Sunday, November 05, 2006

Overwhelmed by Your Business? Get Objective, Then Break it Down

My friend Karen (not her real name) has run a mortgage brokerage business for over 10 years. Recently, Karen had become so overwhelmed by her business that she wasn't even showing up to her office. Her assistant, Mary, was so concerned about Karen that she called me to see if I could help. Sure enough, Karen, had been going through some difficult times in her personal life, including losing a parent, and she fell behind on her business. When Karen went into her office, she felt so strangled by everything she had to catch up on that she literally became paralyzed--to the point where she was no longer showing up.

I recently went through something similar in my own business. In my case, I was completely bogged down by several marketing projects. I was revamping my website and building a second one, creating this blog, planning for two upcoming speaking events, recording two audio courses, writing articles and press releases, pitching for speaking events for next year, and going to four networking meetings a week--all while managing my legal workload. All positive things, but I had taken on too much and was not finishing any one of these items completely. I was completely overwhelmed.

This summer, I met Jennifer Zweibel, who joined a professional organization I belong to. Jen is a "professional organizer" and, in addition to helping people organize their stuff, Jen also helps business owners prioritize their workload and calendars.

As is customary when a new person joins our group, I met with Jen to learn more about what she does. I desperately needed the services that Jen offered, and the meeting quickly turned into a free consultation. What I found out at a later meeting was that my experience with Jen was not dissimilar from that of many the other members in our organization.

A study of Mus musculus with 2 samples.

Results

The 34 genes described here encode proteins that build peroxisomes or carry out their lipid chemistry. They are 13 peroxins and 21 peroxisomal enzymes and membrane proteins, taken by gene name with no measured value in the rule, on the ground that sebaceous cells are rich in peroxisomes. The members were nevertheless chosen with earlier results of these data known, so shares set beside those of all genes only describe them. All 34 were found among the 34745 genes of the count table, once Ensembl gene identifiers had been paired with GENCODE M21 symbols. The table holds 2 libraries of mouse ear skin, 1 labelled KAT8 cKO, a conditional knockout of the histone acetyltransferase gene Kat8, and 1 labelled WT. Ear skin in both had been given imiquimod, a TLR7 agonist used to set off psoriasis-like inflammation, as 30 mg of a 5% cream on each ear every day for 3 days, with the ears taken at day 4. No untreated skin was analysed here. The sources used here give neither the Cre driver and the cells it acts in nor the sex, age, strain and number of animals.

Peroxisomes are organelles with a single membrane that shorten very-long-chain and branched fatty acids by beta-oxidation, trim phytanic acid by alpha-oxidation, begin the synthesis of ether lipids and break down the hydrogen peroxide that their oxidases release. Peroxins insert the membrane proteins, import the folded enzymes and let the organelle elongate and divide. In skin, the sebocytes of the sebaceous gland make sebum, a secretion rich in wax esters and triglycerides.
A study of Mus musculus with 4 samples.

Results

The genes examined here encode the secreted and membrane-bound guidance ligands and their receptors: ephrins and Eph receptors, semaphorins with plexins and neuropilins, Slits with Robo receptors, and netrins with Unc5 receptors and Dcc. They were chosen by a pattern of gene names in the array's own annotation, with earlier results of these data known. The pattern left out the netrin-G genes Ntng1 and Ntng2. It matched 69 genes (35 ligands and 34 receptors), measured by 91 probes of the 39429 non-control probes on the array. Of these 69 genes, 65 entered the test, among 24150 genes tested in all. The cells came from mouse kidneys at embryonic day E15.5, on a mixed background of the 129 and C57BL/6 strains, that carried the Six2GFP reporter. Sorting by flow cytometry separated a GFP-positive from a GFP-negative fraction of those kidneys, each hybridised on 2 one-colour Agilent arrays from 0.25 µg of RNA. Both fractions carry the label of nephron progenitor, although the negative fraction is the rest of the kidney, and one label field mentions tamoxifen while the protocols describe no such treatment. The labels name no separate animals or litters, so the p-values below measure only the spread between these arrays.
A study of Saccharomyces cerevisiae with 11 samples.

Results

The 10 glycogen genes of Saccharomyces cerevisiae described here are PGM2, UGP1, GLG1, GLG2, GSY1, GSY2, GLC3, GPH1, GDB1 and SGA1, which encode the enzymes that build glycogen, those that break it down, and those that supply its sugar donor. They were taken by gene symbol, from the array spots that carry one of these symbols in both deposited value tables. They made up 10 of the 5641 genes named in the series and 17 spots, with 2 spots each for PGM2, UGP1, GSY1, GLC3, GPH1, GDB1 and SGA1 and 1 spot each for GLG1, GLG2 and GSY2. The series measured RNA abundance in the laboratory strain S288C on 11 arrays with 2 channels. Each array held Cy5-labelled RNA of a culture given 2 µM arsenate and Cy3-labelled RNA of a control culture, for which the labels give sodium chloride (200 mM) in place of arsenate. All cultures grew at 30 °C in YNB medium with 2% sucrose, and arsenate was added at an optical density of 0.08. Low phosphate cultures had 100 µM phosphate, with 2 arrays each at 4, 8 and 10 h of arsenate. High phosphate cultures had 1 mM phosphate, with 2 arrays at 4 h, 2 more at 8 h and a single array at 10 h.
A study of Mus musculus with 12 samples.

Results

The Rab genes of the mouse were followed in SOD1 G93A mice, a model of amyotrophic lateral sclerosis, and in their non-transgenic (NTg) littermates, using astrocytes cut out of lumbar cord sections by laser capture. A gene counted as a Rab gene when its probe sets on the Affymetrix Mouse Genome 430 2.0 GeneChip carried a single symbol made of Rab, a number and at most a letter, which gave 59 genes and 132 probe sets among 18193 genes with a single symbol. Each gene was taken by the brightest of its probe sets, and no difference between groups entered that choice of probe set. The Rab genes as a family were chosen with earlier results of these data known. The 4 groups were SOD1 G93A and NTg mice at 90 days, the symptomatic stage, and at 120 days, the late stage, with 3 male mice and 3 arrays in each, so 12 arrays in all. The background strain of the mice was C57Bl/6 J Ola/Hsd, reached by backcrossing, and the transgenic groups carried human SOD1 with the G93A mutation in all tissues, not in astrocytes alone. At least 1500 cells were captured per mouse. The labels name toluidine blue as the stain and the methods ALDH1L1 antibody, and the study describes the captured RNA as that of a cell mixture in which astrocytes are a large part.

What I learned from Jen was that most business owners, at some level or other, can easily get overwhelmed by our businesses--sometimes to the point of becoming paralyzed. Many of us started our own businesses to escape having a boss, yet, most of us could use one to stay focused and be accountable.

In Karen's case, her situation was an extreme one. However, I met with her and Mary and, in only about an hour, we identified the big items that she needed to get caught up on, we broke each item into many smaller steps, and we scheduled the steps in a calendar so both Mary and Karen were doing one or two things each day to complete the major tasks. In about two months, they would be completely caught up. To Karen, each major task seemed very challenging, so much so she wasn't showing up to work, but when we broke the pieces down into the individual steps, it suddenly became completely manageable.

I was able to help Karen because, just eight weeks earlier, I hired Jen to help me do the same thing. We listed and prioritized each of the major tasks I was trying to complete, we broke down the most important major tasks into individual steps, delegated what could be delegated and calendared the individual steps. Since doing this, I finished both websites, I am writing in the blog, I spoke at two conferences, I wrote a press release and recorded two audio courses.

I can't say that what Jen did was magic, or that I didn't already know how to do this, but because she was not emotionally invested in my business, breaking down each major task into individual steps was mechanical for her, where it had become very difficult for me to do. It was the same for Karen. I know very little about the mortgage brokerage business, but what Karen needed to do to catch up was plainly obvious to me, but not at all to her.

Despite putting on our best "game faces", in my professional organization, every member who met with Jen had the same thing to say about Jen helping them manage being overwhelmed by their business. So if you own a business and you feel strangled by your business, don't be embarrassed--you are not alone. List the major tasks you are trying to complete, prioritize them, break them down to individual steps and calendar them. If you are too stuck and don't know where to start, or are not finishing the items on your calendar, speak with someone you trust for an objective opinion, or talk to Jen.

I'm happy to report that Karen is back in her office and is on track to have her best year ever, and I just crossed another small step off my action list!